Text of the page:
Formula 2 and Formula 3 will use Advanced Sustainable Fuels in competitive action for the first time as the 2023 seasons begin, ahead of F1's switch to this in 2026.
As approved by the World Motor Sport Council, both F2 and F3 are set to run 55 per cent Advanced Sustainable Fuels through the duration of the championships in the year ahead.
Each will gradually increase the sustainable elements year-on-year until 100 per cent is reached for the 2027 campaigns, which will follow on from Formula 1 switching to Advanced Sustainable Fuels in 2026 alongside the new engine regulations.
Over 8000 laps on the 55 per cent Advanced Sustainable Fuel were completed by F2 and F3 drivers during pre-season testing, ahead of both categories kicking off their campaigns in Bahrain over the weekend of 3-5 March.
The move marks part of Formula 1's sustainability strategy, with the intention to become Net Zero Carbon by 2030. A plan to work with F2 and F3 to trial sustainable fuels was previously highlighted as part of the mission.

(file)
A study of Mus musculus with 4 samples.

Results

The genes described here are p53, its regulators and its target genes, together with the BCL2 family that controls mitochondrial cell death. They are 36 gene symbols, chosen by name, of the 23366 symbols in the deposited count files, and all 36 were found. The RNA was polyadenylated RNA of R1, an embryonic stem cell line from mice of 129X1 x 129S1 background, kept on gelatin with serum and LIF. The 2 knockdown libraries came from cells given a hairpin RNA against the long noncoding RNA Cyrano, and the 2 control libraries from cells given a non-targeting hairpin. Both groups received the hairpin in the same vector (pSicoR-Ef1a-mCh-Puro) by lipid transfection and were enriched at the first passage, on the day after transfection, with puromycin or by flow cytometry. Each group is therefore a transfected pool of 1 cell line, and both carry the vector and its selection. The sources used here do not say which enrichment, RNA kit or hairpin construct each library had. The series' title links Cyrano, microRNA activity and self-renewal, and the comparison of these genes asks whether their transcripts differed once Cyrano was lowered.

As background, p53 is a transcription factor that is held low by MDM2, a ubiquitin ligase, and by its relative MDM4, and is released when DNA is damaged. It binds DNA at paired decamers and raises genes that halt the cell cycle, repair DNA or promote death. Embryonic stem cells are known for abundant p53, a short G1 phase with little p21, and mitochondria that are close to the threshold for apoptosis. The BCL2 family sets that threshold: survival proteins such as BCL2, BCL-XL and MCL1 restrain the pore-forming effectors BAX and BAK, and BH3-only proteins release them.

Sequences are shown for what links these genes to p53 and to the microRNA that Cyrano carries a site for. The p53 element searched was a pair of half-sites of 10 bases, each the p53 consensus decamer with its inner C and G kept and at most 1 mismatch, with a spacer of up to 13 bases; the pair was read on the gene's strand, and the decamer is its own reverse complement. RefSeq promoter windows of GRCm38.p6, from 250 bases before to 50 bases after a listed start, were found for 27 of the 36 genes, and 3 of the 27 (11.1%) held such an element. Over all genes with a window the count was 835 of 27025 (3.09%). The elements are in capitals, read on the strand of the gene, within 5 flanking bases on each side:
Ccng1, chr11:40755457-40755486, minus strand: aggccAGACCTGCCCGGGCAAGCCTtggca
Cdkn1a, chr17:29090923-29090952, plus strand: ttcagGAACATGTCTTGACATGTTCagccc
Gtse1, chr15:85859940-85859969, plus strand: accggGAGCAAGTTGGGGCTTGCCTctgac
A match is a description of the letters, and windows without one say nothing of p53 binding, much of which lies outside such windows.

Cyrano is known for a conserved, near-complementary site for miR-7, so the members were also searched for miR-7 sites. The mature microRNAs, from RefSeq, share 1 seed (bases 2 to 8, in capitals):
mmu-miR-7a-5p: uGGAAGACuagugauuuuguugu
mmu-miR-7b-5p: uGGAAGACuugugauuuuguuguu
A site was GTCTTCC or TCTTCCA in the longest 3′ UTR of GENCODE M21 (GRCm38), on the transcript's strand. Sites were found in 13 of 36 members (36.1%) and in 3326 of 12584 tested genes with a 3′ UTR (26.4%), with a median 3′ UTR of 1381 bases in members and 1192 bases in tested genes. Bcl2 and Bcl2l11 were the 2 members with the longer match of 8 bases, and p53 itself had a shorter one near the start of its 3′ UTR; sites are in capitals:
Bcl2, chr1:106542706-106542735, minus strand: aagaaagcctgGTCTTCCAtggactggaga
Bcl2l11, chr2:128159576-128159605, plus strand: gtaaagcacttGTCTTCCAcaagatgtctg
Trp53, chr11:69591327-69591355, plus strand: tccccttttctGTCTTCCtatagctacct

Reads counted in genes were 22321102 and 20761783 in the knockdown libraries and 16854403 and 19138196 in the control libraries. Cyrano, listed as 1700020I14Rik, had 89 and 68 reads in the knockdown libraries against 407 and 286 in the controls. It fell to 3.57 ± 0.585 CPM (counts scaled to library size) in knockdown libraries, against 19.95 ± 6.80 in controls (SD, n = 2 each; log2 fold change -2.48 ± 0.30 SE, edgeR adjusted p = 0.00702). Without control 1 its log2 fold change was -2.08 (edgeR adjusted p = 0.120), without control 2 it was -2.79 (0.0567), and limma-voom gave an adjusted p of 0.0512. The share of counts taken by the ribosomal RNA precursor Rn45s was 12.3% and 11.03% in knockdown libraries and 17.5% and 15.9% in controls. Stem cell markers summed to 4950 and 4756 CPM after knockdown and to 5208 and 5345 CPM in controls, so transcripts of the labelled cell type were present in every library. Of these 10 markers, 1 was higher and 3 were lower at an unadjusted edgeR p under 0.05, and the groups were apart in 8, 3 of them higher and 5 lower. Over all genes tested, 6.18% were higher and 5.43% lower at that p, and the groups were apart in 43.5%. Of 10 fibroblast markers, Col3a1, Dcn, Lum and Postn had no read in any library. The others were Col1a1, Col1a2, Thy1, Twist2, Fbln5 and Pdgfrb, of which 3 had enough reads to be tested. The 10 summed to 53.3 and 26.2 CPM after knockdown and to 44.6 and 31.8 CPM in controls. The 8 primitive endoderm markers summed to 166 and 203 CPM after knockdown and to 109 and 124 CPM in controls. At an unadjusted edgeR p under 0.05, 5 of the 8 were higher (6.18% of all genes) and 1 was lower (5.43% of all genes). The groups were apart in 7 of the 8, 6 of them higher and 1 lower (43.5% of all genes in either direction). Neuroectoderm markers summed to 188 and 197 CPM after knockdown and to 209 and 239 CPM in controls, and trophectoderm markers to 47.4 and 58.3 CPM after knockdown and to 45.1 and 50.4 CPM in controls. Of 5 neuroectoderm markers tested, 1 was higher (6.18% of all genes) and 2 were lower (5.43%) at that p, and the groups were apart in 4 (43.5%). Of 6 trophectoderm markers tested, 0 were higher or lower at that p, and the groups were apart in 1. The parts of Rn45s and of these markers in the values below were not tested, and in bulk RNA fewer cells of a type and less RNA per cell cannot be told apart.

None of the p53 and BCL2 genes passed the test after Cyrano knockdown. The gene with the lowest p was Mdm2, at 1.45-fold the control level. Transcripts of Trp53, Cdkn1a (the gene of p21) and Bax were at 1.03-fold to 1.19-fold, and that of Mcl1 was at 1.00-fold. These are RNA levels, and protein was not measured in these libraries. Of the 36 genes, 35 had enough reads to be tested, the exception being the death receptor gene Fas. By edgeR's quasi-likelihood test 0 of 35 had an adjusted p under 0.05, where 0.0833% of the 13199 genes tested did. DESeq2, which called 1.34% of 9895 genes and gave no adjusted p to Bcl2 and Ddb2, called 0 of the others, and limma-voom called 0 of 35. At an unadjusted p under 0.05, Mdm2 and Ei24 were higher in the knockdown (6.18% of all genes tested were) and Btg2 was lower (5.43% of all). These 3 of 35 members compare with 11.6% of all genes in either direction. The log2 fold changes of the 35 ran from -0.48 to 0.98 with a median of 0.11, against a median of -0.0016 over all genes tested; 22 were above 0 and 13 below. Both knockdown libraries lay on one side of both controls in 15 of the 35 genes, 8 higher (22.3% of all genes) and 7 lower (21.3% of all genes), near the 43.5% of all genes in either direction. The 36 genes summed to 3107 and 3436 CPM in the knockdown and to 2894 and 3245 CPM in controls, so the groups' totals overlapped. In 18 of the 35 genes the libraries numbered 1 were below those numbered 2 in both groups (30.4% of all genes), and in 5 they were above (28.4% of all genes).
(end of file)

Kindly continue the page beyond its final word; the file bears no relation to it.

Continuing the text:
Stefano Domenicali, CEO of F1, commented: "A lot of research and dedication has gone into the creation of the Advanced Sustainable Fuels that the F2 and F3 cars will be using this year, and we’re delighted to see it now in action on the racetrack.
"The role of the F2 and F3 Championships has never been more important, as they continue to nurture the next generation of driver talent and inspire game-changing innovation.
"Sustainability is a huge focus for us at F1 as the business continues on the journey to being Net Zero Carbon by 2030, and the development of the Advanced Sustainable Fuels alongside our Global Partner Aramco, is a huge step that will see the sport and the wider automotive industry move towards a more sustainable future."
Bruno Michel, CEO of Formula 2 and Formula 3, also hailed the move as "an extraordinary breakthrough in motorsport" and added that it was a "major step in making our sport more sustainable".
Ahead of the season-opening Bahrain Grand Prix, RacingNews365.com journalists Dieter Rencken and Michael Butterworth analyse where each of the F1 teams stands after pre-season testing.